But tighter restrictions on burning that could target older, dirtier stoves and fireplaces are likely.
The Division of Air Quality will not push the ban that's currently before the Air Quality Board, agency director Bryce Bird told lawmakers Monday. Instead, state air quality monitors will use the information they have gathered to craft a different rule for wood.
"The ban for the entire Wasatch Front would be difficult to enforce, difficult to comply with and not necessary to address the regional air pollution problem," Bird said.
The division still is accepting public comment until Feb. 9 on the burning ban promoted by Gov. Gary Herbert.
But the revised burn restrictions that ultimately will be set by the Air Quality Board may very well fall short of the full ban that clean-air groups had wanted.
Activists acknowledged stepping back is prudent.
"The research about the hazards of wood smoke are really settled. But for most folks, this ban came out of nowhere," said HEAL Utah Executive Director Matt Pacenza.
"To successfully enact a proposal this bold requires many people to sacrifice. You need to do a tremendous amount of groundwork," Pacenza added. "That groundwork wasn't done."
DAQ held workshops last year, but only 30 people attended, and none were residential wood burners.
By contrast, at least 1,500 attended hearings last month held in each of the seven northern Utah counties affected by the ban.
The new rule was proposed as a step toward reducing particulate pollution during the Wasatch Front's November to March inversion season the same time of year residents burn wood to warm their homes.
Already, burning is not allowed when inversions are building and starting to trap pollution in the valleys.
The ban garnered more public comment than any other rule DAQ has proposed in the past several years.
Utahns have submitted 1,210 comments so far, with 1,048 registering some form of opposition, according to Mark Berger, a planning coordinator with the agency. More than 5,000 signed online petitions demanding the ban be tossed or revised to exempt cleaner stoves.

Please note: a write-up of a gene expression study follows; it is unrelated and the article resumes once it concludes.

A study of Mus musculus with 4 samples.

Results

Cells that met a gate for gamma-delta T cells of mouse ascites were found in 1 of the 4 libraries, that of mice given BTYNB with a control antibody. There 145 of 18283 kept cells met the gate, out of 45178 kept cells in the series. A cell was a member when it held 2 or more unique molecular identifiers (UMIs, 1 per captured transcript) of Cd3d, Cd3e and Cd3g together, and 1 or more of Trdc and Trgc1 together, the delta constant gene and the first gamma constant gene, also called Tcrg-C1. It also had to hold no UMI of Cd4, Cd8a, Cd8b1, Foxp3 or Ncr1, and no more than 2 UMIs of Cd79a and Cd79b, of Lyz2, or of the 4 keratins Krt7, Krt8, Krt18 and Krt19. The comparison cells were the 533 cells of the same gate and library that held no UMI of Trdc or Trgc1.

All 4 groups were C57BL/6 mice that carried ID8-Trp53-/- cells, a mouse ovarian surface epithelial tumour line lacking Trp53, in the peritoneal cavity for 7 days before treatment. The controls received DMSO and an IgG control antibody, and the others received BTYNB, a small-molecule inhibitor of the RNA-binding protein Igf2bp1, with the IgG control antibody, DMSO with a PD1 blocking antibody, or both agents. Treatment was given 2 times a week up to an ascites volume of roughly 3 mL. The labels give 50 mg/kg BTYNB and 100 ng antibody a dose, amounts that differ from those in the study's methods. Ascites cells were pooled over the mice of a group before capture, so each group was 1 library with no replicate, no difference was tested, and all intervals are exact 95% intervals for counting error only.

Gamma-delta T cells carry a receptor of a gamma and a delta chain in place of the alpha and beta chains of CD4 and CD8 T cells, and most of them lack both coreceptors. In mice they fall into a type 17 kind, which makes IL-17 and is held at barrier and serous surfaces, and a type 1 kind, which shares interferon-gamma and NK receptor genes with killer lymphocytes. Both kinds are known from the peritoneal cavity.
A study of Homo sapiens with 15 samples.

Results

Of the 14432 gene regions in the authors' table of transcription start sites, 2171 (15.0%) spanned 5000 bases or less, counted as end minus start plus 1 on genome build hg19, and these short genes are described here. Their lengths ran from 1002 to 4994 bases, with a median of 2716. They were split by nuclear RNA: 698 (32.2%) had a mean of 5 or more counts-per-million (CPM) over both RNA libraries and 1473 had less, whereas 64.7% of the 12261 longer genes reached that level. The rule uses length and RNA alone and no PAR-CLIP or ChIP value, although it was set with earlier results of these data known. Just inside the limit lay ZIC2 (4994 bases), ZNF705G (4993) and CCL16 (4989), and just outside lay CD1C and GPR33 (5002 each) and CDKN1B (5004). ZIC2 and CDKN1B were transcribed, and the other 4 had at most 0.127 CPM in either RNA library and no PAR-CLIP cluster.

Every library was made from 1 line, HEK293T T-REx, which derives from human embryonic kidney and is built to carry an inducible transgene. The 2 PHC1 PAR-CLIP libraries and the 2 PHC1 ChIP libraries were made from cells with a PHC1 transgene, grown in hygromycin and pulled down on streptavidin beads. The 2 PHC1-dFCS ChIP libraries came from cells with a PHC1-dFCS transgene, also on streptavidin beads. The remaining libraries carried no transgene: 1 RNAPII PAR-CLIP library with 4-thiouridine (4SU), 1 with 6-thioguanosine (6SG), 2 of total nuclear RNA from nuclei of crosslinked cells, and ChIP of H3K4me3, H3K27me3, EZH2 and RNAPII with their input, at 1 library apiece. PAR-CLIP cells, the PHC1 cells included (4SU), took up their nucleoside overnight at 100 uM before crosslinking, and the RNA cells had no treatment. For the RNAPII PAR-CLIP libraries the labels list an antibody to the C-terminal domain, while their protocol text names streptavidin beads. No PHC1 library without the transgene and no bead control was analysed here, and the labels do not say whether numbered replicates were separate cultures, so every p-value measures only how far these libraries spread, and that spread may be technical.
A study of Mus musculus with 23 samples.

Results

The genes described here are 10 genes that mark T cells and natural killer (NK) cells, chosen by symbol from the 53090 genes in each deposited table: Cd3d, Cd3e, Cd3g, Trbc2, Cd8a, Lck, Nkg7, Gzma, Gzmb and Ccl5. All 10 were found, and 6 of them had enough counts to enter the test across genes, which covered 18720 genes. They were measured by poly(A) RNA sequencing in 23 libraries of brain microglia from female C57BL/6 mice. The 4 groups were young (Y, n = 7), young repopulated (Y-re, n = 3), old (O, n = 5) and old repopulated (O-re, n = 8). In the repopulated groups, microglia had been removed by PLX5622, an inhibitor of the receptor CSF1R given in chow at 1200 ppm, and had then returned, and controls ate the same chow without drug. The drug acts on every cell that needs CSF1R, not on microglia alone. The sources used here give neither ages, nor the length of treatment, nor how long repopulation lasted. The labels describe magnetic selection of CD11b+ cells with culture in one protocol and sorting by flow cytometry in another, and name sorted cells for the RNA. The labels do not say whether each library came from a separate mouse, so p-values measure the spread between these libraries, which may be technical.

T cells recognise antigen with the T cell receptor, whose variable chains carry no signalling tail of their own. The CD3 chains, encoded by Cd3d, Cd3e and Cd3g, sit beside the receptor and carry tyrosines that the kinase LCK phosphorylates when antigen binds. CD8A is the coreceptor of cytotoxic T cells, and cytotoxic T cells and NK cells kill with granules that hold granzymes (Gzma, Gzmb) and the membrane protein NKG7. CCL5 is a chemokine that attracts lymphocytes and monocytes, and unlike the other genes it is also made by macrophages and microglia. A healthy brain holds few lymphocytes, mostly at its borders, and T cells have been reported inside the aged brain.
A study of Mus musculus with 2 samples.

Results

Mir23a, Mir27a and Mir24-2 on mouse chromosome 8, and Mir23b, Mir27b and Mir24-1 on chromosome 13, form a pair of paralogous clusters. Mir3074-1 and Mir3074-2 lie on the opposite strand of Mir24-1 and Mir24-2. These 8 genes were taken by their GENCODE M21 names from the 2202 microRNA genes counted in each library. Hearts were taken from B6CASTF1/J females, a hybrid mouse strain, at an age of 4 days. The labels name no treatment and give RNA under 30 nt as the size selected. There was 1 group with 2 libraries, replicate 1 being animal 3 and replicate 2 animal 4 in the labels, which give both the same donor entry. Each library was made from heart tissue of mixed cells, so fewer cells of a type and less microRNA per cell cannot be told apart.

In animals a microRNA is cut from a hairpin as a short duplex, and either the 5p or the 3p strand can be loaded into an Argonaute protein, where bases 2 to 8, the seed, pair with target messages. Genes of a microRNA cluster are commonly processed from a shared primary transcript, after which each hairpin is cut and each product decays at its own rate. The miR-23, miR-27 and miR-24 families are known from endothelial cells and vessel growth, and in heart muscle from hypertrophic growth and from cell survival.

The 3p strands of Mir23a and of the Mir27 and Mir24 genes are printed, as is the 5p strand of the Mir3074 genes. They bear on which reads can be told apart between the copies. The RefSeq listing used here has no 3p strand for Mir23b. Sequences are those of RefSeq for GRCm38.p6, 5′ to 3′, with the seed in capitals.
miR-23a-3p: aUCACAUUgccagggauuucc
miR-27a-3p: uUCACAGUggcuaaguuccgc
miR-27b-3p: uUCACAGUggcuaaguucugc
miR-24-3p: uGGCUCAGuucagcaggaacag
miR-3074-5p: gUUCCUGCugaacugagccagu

Many critics of the rule said a ban should exempt newer, cleaner stoves. In the end, that idea gained traction with regulators.
Only 13 percent of the wood stoves in use along the Wasatch Front are low-emission units certified by the U.S. Environmental Protection Agency.
"Maybe a focus should be to move the 87 percent to that cleaner technology as a first step and see what that does," Bird said
Any new restriction would likely exempt homes that rely entirely on wood for heat, but they must be on the state's sole-source registry. On Tuesday, DAQ re-opened the registry, giving residents four months to apply.
Homes listed on the registry are not only exempt from burn restrictions. They are eligible for state-funded grants to pay for new gas-fired furnaces, which can cost up to $5,000.
Wood burning restrictions reflect a bigger public policy concern that should be part of a larger package, Pacenza argued.
The state "is going to have to come up with resources to help low-income people pay their natural gas and propane bills," he said. "Wood is functioning as an economic bridge for hundreds or thousands of people on the Wasatch Front."
Clean-air activists remain hopeful that a rule with some teeth will be enacted, but they rejected criticism that a wood-burning ban is "overreach."
"If we can reduce direct particulate by 5 percent, that's significant," said Rachel Otto, executive director of Breathe Utah. "What we have found from these hearings is there is a lot more burning going on than we thought.
"When there is an inversion, everything we put in the air is a problem," Otto added. "There is not room for wood burning in a valley of a million people."